Millions of Americans have lost their jobs in the course of the COVID-19 outbreak, and even those who are working may be grappling with financial concerns. If you're finding yourself needing money but don't have much in the bank, you might assume that your next best bet is to tap your retirement savings.
Generally, taking a withdrawal from an IRA or 401(k) prior to age 59 1/2 triggers a 10% penalty on the sum you remove. But thanks to the CARES Act, which was signed into law in late March to provide COVID-19 relief, you can now remove up to $100,000 from your retirement savings if you've been impacted by the pandemic. And the interpretation of the latter is somewhat loose. You'll qualify, for example, if you're still working but have a spouse who's lost income.
At first glance, taking a CARES Act withdrawal might see like a solid move, especially if money is tight and your borrowing options are limited. But if you do decide to take money out of your retirement plan this year, you may wind up with a tax headache on your hands.
Will a CARES Act withdrawal bump you into a higher tax bracket?
If you remove money from a Roth IRA or 401(k) under the CARES Act, you won't have to worry about paying taxes on your distribution. But if you take a withdrawal from a traditional IRA or 401(k), taxes on that sum will apply, as they normally would for distributions taken during retirement.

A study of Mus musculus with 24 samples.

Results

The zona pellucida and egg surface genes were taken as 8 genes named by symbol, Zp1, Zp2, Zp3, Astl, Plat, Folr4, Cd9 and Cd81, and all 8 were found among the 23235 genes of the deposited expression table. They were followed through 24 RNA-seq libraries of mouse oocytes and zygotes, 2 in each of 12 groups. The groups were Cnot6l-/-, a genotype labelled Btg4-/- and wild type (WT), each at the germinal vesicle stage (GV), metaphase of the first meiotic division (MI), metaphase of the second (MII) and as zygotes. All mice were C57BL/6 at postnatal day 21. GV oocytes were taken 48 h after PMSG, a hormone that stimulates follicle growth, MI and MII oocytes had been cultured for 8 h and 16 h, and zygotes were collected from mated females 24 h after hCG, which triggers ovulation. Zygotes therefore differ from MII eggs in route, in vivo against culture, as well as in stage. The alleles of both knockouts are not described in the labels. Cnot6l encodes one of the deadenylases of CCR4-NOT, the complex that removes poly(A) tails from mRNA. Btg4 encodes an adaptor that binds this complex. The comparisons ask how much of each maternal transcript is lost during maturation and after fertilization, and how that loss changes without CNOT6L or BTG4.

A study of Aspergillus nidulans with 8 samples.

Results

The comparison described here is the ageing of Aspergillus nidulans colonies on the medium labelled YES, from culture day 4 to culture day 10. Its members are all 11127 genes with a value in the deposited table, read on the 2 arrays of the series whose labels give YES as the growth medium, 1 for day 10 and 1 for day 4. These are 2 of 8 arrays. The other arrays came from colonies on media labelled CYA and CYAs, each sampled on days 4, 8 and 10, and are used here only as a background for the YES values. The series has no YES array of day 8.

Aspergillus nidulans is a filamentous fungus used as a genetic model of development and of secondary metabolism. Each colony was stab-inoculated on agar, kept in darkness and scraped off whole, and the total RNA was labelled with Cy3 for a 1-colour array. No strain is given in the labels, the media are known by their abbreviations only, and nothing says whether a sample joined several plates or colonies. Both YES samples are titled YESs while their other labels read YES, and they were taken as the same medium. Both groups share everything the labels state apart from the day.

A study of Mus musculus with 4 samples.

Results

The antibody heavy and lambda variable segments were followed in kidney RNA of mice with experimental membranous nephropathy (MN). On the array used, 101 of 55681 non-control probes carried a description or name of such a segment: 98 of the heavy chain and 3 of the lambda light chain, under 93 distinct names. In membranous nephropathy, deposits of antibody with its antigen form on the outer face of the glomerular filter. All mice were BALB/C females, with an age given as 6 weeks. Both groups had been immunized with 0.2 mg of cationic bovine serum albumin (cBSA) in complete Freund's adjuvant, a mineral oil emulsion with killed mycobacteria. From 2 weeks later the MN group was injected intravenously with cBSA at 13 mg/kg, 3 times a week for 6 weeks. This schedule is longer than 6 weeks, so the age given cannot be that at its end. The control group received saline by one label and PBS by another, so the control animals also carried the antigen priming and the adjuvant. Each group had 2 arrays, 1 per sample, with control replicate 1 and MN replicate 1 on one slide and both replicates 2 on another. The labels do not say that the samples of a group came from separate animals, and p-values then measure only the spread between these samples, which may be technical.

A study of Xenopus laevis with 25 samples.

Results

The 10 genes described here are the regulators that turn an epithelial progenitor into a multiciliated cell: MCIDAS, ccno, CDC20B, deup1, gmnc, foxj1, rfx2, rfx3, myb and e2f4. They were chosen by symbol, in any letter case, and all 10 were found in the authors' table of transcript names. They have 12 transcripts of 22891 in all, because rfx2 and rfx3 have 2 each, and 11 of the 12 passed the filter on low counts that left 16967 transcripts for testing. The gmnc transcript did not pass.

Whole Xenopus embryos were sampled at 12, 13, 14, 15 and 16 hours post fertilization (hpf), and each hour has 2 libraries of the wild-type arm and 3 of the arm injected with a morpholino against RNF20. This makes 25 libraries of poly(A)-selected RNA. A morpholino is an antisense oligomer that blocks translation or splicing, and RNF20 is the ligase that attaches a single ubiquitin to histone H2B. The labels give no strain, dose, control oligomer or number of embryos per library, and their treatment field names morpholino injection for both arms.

The good news is that the CARES Act does allow you to spread those taxes out over a three-year period from the time of your withdrawal. The bad news, however, is that you could get bumped up to a higher tax bracket in the interim, whether you spread that extra taxable income from your distribution out over three years or take it all in a single tax year.
Here's what that could mean for you in practice. Say you're a single tax filer with an income of $80,000. That puts you in the 22% tax bracket, which means your tax rate is 22% on your highest dollars of earnings. Now, let's say you take a $30,000 CARES Act withdrawal from a traditional retirement plan and you decide to spread that distribution out over three years. That still adds $10,000 of taxable income each year, thereby bumping you up to the 24% tax bracket in this example. Or to put it another way, it makes your tax burden even worse at a time when you probably can't afford it.
Be careful when taking a CARES Act withdrawal
You may feel that you have no choice but to remove money from your retirement savings to address your near-term bills or financial concerns. But if you decide to go this route, be aware of the tax consequences involved.
Another thing you should realize is that every dollar you remove from your IRA or 401(k) today is money you won't have available to you as a senior, when you may need it the most. And any withdrawal you take is also money you can't invest and grow into a larger sum. Therefore, while a CARES Act withdrawal might seem like a lifeline, think carefully before you move forward with one.